Synesius of Cyrene (c.370-c.413) was a Neo-Platonic philosopher who became bishop of Ptolemais in the Cyrenaica. He left behind a small corpus of texts that offer much information about daily life in Late Antiquity, and about the christianization of the Roman world.
Synesius' On dreams consists of two parts:
- A philosophical explanation why dreams allow our soul to reach higher spheres, based on a doctrine that is derived from the philosophical school known as Stoa (sections1-7);
- A more down-to-earth, and very accessible, account of the way one must investigate one's dreams, which boils down to keeping a "night book"(section 8-13).
The text is offered here in the translation by A. Fitzgerald. The four-digit numbers are page numbers of the Migne edition.
Synesius, On dreams 4
 Let this be taken as presenting the worthiness of the imaginative life, even in small matters, as against those who despair of it. It is not to be wondered at that they understand it in this way, owing to the exceptional nature of their knowledge, since they adhere to what has been abjured by the oracles, for the oracle says,
I reck not of sacrifices or of entails: these be all baubles,note[Unknown.]
and exhorts us to flee from them. But these men, as though they were above the common herd, attempt to practice arts whose province relates to the future, some taking up one, some another; they despise dreams as being too obvious, and as matters in which it honors come equally to the ignorant and to the wise.
 But is not a man wise, precisely because he gains a greater share out of a possession common to all? Surely the other good things, nay, even the greatest are set before us as the most open to all. Amongst things visible there is nothing more august in splendor than the sun, and at the same time nothing more universal. And if to look upon a god with one's own eye is a happy thing, the approach to Him by the imagination comes of a gaze more magnificent still. For this is the perception of perceptions, inasmuch as the imaginative pneuma is the most widely shared organ of sensation, and the first body of the soul. There it lurks in its fastness, and directs the government of the living being as from a citadel, for about it nature has constructed all the functions of the brain. Hearing and sight are not senses, but only subservient organs of the common sense-perception, like doorkeepers of the living being who announce to their mistress the things perceived outside, and from which things these external organs of sense receive knocks at the door. And this is the perfect sense-perception in all its parts, for it hears and sees with its whole pneuma and has power over all the remaining senses. It divides its powers, assigning one to one place and another to another. These powers stretch out from the living being, each one separately, and, like straight lines radiating from a center, return to meet in the center again, all of them one in their common root though many in their outgoings. Most animals in character, therefore, is perception through the organs projected without, nor is it sense-perception at all before it comes in contact with the chief perception.note[I.e., imagination.] But the more divine which cleaves to the soul is the direct perception.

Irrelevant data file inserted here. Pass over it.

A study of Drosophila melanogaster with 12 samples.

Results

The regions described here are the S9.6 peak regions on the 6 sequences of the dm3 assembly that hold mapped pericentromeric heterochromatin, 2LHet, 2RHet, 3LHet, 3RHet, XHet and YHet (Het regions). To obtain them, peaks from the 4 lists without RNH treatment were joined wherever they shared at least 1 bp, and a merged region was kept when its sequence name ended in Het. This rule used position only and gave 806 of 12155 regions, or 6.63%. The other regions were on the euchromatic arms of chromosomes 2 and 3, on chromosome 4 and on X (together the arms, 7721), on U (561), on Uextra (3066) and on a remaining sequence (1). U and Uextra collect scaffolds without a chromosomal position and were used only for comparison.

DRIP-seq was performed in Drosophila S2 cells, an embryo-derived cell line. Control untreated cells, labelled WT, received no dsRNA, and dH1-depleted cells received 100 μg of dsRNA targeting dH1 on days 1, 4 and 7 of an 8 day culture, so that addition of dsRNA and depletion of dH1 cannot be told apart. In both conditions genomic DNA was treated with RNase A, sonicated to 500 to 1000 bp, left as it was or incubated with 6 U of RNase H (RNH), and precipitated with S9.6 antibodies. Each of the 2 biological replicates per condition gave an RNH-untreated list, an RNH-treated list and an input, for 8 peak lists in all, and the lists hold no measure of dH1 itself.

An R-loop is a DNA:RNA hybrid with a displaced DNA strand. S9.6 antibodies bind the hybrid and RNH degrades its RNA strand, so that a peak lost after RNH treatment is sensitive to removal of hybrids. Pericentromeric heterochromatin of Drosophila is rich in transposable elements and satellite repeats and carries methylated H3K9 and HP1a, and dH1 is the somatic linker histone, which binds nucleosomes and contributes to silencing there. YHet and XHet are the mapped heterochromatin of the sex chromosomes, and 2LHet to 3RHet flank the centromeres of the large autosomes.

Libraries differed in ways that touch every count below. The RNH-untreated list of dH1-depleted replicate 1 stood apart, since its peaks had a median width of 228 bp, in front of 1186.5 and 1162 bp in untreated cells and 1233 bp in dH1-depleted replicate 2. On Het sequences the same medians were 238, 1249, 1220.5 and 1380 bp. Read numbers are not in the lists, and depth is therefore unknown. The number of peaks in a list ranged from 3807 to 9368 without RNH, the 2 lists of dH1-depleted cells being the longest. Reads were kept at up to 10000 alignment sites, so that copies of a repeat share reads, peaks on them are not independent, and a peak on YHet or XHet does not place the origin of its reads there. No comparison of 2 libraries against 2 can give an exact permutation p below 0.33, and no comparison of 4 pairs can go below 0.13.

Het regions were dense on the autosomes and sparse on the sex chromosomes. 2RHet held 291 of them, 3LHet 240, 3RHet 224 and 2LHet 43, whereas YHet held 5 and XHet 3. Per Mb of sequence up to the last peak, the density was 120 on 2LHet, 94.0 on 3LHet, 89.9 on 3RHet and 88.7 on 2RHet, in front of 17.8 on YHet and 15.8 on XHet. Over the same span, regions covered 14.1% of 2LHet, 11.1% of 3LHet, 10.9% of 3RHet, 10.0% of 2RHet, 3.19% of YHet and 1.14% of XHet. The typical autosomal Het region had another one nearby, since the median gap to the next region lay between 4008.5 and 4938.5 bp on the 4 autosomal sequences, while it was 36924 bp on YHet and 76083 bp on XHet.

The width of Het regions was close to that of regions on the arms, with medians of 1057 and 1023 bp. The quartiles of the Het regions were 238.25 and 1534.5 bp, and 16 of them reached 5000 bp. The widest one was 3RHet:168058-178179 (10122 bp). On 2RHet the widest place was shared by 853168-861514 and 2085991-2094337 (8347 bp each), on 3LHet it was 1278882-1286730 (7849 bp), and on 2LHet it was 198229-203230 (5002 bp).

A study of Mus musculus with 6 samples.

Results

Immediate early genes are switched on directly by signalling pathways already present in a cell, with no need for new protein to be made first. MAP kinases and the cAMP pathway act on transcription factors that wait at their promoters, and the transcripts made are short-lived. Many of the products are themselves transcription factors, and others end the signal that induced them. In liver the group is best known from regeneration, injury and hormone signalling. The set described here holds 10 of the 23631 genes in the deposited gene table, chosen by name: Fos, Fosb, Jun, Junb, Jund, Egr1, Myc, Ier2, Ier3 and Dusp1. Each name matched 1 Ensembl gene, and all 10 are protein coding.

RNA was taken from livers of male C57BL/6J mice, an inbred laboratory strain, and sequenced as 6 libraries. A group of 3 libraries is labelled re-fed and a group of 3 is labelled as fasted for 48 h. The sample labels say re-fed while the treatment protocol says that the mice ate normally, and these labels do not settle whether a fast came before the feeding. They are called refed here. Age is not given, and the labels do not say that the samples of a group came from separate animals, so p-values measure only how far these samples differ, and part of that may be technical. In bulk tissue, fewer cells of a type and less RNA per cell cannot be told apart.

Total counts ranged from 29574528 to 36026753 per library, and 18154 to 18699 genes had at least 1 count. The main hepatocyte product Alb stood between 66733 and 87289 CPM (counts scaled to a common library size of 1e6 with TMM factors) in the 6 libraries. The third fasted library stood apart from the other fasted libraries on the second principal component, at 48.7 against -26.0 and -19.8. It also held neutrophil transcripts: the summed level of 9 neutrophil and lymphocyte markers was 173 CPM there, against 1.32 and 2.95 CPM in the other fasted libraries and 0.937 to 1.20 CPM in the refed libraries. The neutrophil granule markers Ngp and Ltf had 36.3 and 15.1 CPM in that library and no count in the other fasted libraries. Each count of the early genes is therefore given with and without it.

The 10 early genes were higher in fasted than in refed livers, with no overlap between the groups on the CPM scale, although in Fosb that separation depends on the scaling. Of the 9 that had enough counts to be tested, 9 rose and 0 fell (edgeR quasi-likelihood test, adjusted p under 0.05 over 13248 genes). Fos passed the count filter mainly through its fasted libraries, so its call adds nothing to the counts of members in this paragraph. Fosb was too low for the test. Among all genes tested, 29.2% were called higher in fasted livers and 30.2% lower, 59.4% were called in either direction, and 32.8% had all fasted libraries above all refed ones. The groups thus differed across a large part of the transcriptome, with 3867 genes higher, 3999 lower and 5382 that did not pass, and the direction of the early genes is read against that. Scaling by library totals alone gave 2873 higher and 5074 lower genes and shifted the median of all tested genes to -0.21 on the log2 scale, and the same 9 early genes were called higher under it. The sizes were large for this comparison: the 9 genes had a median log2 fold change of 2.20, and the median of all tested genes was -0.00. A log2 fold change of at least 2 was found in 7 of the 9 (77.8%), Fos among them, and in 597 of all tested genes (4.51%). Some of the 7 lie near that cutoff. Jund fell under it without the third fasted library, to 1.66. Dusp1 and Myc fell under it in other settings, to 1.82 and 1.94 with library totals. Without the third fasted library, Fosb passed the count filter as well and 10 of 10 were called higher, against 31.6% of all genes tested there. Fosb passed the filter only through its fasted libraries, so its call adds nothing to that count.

Now if we hold our bodily senses in esteem by reason of our understanding, and because we know best what we have actually seen, and spurn imagination as more faithless than sense-perception, we seem to resemble those who forget that even the eye does not reveal all things truthfully. One eye reveals nothing, and another falsifies, both in a way contrary to the nature of the things seen, and because of the medium through which they are seen. For according to the distance of the observer, objects seem greater or less. Those under the water appear larger, and an oar blade once immersed strikes the eye as broken. And the eye, through its own lack of power produces this effect, for when bleared it represents everything in confusion and indistinctness, nor may a man who is diseased in his imaginative pneuma expect to have clear or well-defined images. What his disease is, by what things the imagination becomes bleared and dulled, and by what things it is purged and purified, so as to return to its natural condition, all this you must learn of the cryptic philosophy, through which the imagination becomes inspired when once purified by the initiations.
 The extraneous bodies which have entered in, must make their way out again before the god brings in the imagination. Whoever keeps this purified by a life in accordance with nature has an instrument ready to his hand, and one that is thus again common to all, for this pneuma comprehends our spiritual disposition and is, therefore, not without sympathy for it, like our oyster-shell which after all, is opposed to the better part of the soul's organization. But its first special vehiclenote[Plato, Phaedo 85D.] becomes light and ethereal when the soul is exalted, whereas when that is debased, it becomes heavy and falls to the earth. Now this is, in a word, the borderland between unreason and reason, between the bodiless and the body, and is a boundary common to both, and through this the divine elements are brought into contact with those furthest removed from them. For this reason it is difficult for philosophy to apprehend its nature, for it borrows anything that is suitable to its purpose, taking it from either of the extremes, as it were from neighbors, and so images in one nature things that dwell far apart.